Per-Student Expenditure In Most States Way Below The Desired Amount
There is a huge and troubling gap between required and actual per-student expenditure across States.
A recent report by the National Institute of Fiscal Policy and Research (NIFPR) released in July 2017 reveals that economically backward states like Bihar, Jharkhand and Odisha spend less than half of the desired requirement for each student at the elementary level on an annual basis, when compared to more prosperous states like Tamil Nadu and Uttarakhand.
The NIFPR report estimates requirements for twelve States using the set of norms defined in the RTE Act and other official documents. In the process of doing so, the report created a ‘normative’ frame of reference essential to judge financial adequacy.
There is clear evidence of substantial gaps and under-spending in per student resource requirements (estimates are in a reasonable range). “The obvious implication of these finding is the need for higher allocations with due consideration for equity aspect as the deficit is clearly concentrated in the poorer States of India”, the report reads.
The report sets out to calculate the gap between actual expenditures and ‘ideal’ expenditures on students at the elementary level to provide education for all and achieve the spirit of a right to free and compulsory education.
By calculating this gap, the report concludes that states like Bihar spend only 31 per cent of their what they ought to spend on each student per year. Similarly, Jharkhand and Odisha are spending 44 per cent of the funds they ought to divert to students. This deficit persists in most states such as Madhya Pradesh, which spends a little more than a half of its requirements at 52 per cent.
States with above average per student expenditure are Uttar Pradesh at 78 per cent and Uttarakhand at 91 per cent, yet the prize goes to Tamil Nadu which spends a whopping 108 per cent of its total requirement on students on an annual basis.
Uttar Pradesh performs better than expected, and this could be because of the relatively lower gap between actual and required expenditure due to the prevalence of children in the private unaided sector, which reduces public investment requirements. Another likely reason for the number is the higher pay scale for regular teachers in the state, which conflates the numbers.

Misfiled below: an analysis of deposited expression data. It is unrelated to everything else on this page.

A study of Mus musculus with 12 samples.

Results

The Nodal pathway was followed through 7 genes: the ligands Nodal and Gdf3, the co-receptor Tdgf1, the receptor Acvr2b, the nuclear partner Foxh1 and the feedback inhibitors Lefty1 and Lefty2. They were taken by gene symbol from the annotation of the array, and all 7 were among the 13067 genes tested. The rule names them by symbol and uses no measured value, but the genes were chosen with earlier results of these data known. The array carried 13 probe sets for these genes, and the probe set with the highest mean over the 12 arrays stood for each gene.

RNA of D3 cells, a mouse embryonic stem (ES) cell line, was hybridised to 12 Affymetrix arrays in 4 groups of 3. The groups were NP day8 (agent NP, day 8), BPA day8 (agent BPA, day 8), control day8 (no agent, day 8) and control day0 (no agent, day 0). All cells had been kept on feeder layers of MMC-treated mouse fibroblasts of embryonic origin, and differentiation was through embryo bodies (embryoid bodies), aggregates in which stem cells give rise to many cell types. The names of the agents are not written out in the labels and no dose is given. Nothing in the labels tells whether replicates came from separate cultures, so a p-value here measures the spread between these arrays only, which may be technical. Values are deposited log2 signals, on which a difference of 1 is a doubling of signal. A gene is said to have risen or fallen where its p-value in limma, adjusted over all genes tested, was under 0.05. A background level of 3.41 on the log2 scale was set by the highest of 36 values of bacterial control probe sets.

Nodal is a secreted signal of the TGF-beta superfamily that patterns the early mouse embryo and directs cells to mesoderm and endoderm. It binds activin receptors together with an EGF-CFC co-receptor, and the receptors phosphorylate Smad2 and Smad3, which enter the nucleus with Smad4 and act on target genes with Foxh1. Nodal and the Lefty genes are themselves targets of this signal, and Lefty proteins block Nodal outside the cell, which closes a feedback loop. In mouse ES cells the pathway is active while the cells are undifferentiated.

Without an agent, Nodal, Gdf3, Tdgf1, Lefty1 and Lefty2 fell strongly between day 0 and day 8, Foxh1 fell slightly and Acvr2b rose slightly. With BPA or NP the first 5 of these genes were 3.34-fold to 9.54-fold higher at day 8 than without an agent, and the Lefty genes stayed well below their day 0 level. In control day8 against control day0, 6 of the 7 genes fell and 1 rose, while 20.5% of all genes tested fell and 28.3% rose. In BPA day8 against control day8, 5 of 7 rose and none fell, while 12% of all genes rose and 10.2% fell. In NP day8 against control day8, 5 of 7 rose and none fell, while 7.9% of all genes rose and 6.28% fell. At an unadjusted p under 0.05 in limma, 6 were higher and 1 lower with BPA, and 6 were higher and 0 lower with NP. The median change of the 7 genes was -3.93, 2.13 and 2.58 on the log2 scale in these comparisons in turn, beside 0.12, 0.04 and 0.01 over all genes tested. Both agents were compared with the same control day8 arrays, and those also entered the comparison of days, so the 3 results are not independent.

The contour map represents the comparison between required and actual expenditure across States.
It can be seen that ‘per student actual expenditure’ lies well within the boundaries of per student requirements. The larger the distance between the red and blue lines, greater the gap. The green line shows the recurrent cost per student in Kendriya Vidyalayas (KVs) in the year 2015-16. At Rs 32,698 expenditure per student in 2015-16, the green line lies outside the other two lines by a large margin , except for Uttarakhand.
Several researchers, according to the report, have noted that the Sarva Shiksha Abhyaan (SSA) treats the better-off States and the backward States equally except the north-eastern or special category States, and all States are to provide equal matching shares under the scheme.
Comparing the per-student expenditure, Geetha Rani notes, “Himachal Pradesh reported the highest per student expenditure of Rs 18,509 and Bihar spent Rs 2,684 in 2010-11. The increase in per-student cost additionally on account of SSA was Rs 2,668 in Himachal Pradesh, while the amount itself was the per student cost in Bihar! The additional per student cost that Bihar could reap was Rs 1,872.
The report concludes by saying that the issue of equalisation needs immediate attention within SSA as well as in the overall framework of Centre-State finances. And careful strategic planning is needed to prioritise public expenditure on elementary education and giving due consideration to equalisation.